Briton trapped in Mallorca, Spain facing extradition proceedings to Qatar over £30k debt
Updated: Jan 2
British father of 3 Steven Williams from Wales, is stuck in Mallorca, Spain pending extradition proceedings to Qatar over an outstanding debt, despite having made consistent monthly payments. If Steven is sent to Qatar, he could face decades in prison.
Like the UAE, Qatar has been increasingly misusing Interpol as an instrument for debt collection, though the international policing organisation has no remit to intervene in private civil disputes.
Radha Stirling, a leading expert on legal issues in the Middle East, extradition and CEO of Detained in Dubai & Detained in Doha, said, “It is absolutely astonishing that Interpol has not responded to calls for checks and balances to be placed on member countries when they list someone on the database.” She said that Middle Eastern countries have long been abusing their membership with Interpol by misreporting debt under the category of fraud for the purpose of using the international organisation as their own personal debt collectors. “The threat of Interpol is used by Middle Eastern banks against customers to try to add pressure on them to settle their debts, without resorting to normal collection or bankruptcy procedures.”
Stirling notes that Interpol’s own financial dependence on Gulf funding may be a factor on the perpetuation of abuse. “The UAE and Qatar are the leading financial contributors to Interpol and it is no wonder that both of these countries are also the biggest abusers of their membership. Interpol seems unwilling to insist that these countries abide by the membership rules, presumably in case it affects their source of funding.”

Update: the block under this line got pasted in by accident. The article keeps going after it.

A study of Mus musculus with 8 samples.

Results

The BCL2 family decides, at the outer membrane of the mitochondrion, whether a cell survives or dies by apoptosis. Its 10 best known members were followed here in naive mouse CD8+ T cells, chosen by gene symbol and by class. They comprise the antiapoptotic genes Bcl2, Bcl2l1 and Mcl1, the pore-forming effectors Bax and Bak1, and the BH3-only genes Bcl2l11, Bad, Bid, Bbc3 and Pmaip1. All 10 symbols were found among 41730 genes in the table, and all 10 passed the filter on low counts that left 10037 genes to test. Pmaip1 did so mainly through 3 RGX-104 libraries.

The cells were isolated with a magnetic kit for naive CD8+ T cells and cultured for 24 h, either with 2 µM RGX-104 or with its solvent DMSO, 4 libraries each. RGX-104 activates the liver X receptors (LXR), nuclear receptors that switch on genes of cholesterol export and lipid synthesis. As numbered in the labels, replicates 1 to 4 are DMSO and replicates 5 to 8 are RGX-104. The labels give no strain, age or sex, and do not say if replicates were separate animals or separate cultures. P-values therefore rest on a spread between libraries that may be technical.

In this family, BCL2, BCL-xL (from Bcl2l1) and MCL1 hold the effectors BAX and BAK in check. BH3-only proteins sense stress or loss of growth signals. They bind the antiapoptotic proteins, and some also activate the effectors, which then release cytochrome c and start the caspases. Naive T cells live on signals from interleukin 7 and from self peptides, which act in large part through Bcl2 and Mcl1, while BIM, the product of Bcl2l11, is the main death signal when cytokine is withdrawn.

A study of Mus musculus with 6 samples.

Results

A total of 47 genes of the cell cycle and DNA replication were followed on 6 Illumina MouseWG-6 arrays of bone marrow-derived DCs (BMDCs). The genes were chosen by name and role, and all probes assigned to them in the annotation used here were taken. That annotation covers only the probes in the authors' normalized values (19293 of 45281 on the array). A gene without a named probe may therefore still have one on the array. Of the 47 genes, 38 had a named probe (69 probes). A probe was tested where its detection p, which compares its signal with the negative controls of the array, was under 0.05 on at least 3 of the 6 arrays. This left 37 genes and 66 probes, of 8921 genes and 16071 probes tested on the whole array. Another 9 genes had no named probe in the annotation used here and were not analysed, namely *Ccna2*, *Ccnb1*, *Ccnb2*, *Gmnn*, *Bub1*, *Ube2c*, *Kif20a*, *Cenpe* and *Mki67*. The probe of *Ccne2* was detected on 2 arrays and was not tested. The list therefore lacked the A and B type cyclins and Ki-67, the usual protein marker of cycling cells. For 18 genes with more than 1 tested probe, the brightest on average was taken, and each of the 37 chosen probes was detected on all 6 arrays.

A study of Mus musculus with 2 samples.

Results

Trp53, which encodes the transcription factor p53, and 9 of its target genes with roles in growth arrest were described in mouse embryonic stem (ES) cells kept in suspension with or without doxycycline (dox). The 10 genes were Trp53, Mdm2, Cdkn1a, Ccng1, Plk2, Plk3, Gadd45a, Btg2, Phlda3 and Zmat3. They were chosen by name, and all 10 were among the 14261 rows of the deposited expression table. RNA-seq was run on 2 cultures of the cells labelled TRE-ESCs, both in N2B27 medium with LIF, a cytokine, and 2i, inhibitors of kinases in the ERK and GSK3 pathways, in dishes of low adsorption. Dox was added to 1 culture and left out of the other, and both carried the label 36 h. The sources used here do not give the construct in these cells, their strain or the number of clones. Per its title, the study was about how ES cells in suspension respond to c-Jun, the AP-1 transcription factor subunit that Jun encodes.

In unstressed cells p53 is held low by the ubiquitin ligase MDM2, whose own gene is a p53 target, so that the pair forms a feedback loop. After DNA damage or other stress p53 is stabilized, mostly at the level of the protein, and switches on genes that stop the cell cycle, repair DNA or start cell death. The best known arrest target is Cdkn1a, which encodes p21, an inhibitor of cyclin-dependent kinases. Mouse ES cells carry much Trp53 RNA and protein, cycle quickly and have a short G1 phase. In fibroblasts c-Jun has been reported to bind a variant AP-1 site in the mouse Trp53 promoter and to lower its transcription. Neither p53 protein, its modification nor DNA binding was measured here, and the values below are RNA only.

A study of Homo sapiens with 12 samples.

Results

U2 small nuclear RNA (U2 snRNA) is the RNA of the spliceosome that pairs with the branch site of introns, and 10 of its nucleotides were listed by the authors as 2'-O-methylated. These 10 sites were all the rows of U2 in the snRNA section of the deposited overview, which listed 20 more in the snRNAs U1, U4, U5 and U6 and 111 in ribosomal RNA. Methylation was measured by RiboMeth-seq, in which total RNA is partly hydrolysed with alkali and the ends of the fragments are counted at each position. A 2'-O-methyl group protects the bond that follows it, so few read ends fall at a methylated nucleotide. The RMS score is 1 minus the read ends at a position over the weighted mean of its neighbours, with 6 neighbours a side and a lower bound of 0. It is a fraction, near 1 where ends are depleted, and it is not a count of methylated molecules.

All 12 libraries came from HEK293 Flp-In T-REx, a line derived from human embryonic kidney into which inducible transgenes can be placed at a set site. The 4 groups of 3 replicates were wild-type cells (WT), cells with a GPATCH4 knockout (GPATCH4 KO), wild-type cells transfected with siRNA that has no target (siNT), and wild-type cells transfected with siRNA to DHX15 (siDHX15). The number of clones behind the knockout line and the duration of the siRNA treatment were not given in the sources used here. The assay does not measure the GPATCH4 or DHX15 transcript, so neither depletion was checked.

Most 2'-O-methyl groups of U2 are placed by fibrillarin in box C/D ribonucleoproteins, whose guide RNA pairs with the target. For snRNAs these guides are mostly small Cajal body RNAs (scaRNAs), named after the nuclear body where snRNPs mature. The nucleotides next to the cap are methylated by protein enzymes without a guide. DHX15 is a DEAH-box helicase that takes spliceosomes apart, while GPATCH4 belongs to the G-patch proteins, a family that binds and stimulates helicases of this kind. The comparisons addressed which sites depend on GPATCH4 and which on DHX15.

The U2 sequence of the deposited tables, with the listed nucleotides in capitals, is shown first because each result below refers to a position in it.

Detained in Dubai offers debt negotiation services to clients grappling with financial issues in the UAE and elsewhere; “We have been helping victims of Interpol abuse for over a decade now but like Steven Williams, the effects of such abuse linger. Steven has experienced a traumatic arrest, accompanied by the fear of extradition and financial losses incurred from being forced to remain in Mallorca and hire legal representatives to respond to an Interpol notice issued by the International Bank of Qatar for a mere a £30,000 debt. All this despite the fact that he never missed the scheduled payments. But these banks often arbitrarily decide to increase the instalment amounts, and alter the interest rates on loans without explanation or notification.
"Although the United Kingdom and United States are well versed in this type of abuse, many other European countries are not as experienced and assume that an Interpol notice has merit. This had lead to a number of arrests throughout Europe; including one in Italy over a £15,000 credit card debt. Stirling says, “Interpol is seriously damaging its credibility in the international community with many countries choosing to ignore their fugitive alerts because frivolous cases are not being properly screened by the organisation”.
Stirling explains, “Debt is not a crime in Spain and ultimately, we expect that Mr Williams will be permitted to return to the United Kingdom but Interpol needs to be financially accountable for his losses as they are failing in their duty of care to protect and preserve human rights”.
Steven contacted Detained in Dubai when he was first detained in Mallorca, Stirling says, “I am in touch with Steven & his family who are stunned that a bank debt could lead to arrest and extradition proceedings in Europe where it is wholly contrary to the region’s principles of debt collection. The Spanish legal system can move quite slowly with extraditions but we are hopeful that Spain will grant authorisation to return to the UK to resolve the issue from his home country, given the obvious nature of the request. It's a real atrocity that Qatar has wasted Spanish taxpayer money on an wrongful Interpol report. Not only is Williams a victim, but so is any Interpol member country who is forced to waste taxpayer money to collect the debts of a private bank. False Interpol reports cost European countries millions every year and if Interpol abuse is clear, the cooperating country should also be compensated".